Objective: To assess efficacy and safety of once-daily 8 or 12 mg perampanel, a noncompetitive α-amino-3-hydroxy-5-methyl-4-isoxazole-propionic acid (AMPA) receptor antagonist, when added to concomitant antiepileptic drugs (AEDs) in the treatment of drug-resistant partial-onset seizures.
Methods: This was a multicenter, double-blind, placebo-controlled trial (ClinicalTrials.gov identifier: NCT00699972). Patients (≥12 years, with ongoing seizures despite 1-3 AEDs) were randomized (1:1:1) to once-daily perampanel 8 mg, 12 mg, or placebo. Following baseline (6 weeks), patients entered a 19-week double-blind phase: 6-week titration (2 mg/week increments to target dose) followed by a 13-week maintenance period. Percent change in seizure frequency was the primary endpoint; 50% responder rate was the primary endpoint for EU registration.
Results: Of 388 patients randomized and treated, 387 provided seizure frequency data. Using this intent-to-treat population over the double-blind phase, the median percent change in seizure frequency was -21.0%, -26.3%, and -34.5% for placebo and perampanel 8 and 12 mg, respectively (p = 0.0261 and p = 0.0158 for 8 and 12 mg vs placebo, respectively). Fifty percent responder rates during the maintenance period were 26.4%, 37.6%, and 36.1%, respectively, for placebo, perampanel 8 mg, and perampanel 12 mg; these differences were not statistically significant for 8 mg (p = 0.0760) or 12 mg (p = 0.0914). Sixty-eight (17.5%) patients discontinued, including 40 (10.3%) for adverse events. Most frequent treatment-emergent adverse events were dizziness, somnolence, irritability, headache, fall, and ataxia.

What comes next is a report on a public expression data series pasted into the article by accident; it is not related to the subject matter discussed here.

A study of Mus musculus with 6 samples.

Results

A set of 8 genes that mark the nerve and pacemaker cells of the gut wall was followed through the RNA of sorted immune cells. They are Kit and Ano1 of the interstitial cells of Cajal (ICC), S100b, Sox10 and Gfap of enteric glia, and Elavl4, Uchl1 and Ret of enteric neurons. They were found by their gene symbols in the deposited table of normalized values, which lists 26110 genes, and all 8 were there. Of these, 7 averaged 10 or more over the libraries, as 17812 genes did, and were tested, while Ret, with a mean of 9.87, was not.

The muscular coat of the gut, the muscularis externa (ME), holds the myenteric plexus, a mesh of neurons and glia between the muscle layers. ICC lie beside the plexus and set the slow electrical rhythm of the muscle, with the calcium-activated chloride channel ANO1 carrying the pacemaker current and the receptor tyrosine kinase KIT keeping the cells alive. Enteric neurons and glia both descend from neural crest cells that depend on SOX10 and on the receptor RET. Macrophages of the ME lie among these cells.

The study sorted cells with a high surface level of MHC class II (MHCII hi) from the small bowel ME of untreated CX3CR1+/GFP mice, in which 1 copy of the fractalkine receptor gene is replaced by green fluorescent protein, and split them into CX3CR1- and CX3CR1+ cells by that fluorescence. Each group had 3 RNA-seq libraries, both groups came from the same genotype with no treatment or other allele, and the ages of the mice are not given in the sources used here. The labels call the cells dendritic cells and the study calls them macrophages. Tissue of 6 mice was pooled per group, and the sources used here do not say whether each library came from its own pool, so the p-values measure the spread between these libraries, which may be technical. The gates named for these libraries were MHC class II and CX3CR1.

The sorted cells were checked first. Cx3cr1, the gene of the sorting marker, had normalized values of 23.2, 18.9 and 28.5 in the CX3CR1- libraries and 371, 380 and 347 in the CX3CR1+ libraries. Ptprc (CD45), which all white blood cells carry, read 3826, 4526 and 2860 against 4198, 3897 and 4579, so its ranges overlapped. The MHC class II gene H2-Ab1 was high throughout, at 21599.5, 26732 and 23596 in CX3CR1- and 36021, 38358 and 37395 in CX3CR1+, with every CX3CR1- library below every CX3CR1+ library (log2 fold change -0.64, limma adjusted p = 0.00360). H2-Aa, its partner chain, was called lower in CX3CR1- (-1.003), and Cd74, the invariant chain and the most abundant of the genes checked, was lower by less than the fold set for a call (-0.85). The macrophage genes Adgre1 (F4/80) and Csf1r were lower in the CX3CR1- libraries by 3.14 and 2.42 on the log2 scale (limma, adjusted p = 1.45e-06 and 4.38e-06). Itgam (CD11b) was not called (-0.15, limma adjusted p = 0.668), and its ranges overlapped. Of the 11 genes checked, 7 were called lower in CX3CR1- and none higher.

Conclusions: This trial demonstrated that once-daily, adjunctive perampanel at doses of 8 or 12 mg improved seizure control in patients with uncontrolled partial-onset seizures. Doses of perampanel 8 and 12 mg were safe, and tolerability was acceptable.
Classification of evidence: This study provides Class I evidence that once-daily 8 and 12 mg doses of adjunctive perampanel are effective in patients with uncontrolled partial-onset seizures.